As with all the best superheroes, Captain Amazing’s real life alter-ego is someone who you quite easily walk past without noticing - aside from the red cape of course.
Mark works at B&Q without any kind of enthusiasm for home improvement. He gets drunk and tries to talk to people in nightclubs - often having the last dance with the pavement rather than any object of his affections.
He lives in a house with one chair and some curtains which were there when he moved in.
You get my drift. Mark doesn’t have a life which many would aspire to.
By contrast, Captain Amazing’s conjured existence is non-stop excitement.
When he’s not defeating the perhaps unimaginatively christened ‘Evil Man’, he’s berating Batman over a beer for not having any super powers and for just being ‘a billionaire who likes leather’. And that’s to say nothing of his in-flight catch ups with Superman.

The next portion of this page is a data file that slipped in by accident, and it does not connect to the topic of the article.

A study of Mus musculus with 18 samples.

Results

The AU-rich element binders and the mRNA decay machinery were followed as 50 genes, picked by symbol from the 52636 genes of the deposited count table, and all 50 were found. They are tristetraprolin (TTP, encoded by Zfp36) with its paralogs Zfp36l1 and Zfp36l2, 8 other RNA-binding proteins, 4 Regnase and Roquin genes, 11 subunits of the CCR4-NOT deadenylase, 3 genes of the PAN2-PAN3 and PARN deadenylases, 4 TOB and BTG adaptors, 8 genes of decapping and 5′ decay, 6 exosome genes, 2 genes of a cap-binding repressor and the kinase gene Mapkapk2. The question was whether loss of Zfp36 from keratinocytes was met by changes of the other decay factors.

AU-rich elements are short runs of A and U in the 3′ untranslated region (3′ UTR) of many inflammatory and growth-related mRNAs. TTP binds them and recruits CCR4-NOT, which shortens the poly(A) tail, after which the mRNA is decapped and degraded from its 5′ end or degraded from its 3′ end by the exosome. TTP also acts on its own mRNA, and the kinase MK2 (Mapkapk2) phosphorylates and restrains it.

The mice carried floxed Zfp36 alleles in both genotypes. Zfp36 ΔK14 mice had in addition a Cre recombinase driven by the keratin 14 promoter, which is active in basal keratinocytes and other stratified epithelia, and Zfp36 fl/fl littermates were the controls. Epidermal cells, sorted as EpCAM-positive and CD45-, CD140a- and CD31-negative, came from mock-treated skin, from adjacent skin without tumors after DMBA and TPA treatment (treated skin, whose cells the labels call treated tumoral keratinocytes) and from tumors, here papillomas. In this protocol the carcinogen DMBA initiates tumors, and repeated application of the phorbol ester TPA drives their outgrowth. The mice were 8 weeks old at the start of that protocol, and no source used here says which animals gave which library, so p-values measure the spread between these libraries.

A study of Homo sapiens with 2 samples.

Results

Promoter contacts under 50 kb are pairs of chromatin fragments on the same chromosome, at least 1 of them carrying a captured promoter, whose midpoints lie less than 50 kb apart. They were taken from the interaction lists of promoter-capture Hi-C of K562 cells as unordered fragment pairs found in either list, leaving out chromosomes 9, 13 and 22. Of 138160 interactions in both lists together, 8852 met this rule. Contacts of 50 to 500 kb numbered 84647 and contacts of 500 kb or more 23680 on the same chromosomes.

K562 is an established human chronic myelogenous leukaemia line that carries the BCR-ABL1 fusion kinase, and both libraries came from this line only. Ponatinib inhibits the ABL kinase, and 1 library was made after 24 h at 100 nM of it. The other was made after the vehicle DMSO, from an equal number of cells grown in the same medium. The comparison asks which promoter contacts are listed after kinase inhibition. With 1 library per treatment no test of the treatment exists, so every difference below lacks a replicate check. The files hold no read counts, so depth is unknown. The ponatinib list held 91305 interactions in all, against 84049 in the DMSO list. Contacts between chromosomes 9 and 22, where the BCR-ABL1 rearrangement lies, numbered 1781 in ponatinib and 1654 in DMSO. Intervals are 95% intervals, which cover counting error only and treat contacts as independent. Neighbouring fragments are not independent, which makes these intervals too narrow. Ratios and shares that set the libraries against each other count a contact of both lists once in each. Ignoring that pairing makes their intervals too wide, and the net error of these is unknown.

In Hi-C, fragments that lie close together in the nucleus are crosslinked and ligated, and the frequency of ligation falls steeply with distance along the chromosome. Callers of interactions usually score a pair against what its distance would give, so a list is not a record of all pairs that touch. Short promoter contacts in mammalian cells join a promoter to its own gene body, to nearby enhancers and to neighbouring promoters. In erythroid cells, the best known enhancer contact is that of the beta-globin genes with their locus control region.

Mark’s double life comes together though, when someone does stop to look twice and goes on to fall in love with him... making him want to get an extra chair.
Now part of a couple, it’s not long before the aforementioned loner becomes a bona fide family man... and his daughter Emily is in no doubt that her daddy really is Captain Amazing.
Even when sadness and tragedy strike into the heart of the family.
Following its Live Theatre debut last year, Middlesbrough writer Alistair McDowall’s play, which uses Rebecca Glover’s charming cartoon illustrations to great effect, has enjoyed a sell out run at the Edinburgh Fringe and a successful residency at London’s Soho Theatre. It’s not hard to see why.
Mark Weinman’s skilful one-man turn, which involves him taking responsibility for all sides of all conversations between each and every one of the aforementioned characters - and more besides, is a memorable one which combines humour and poignancy to explore the potential for hilarity, hope and heartbreak, which comes built in with parenthood.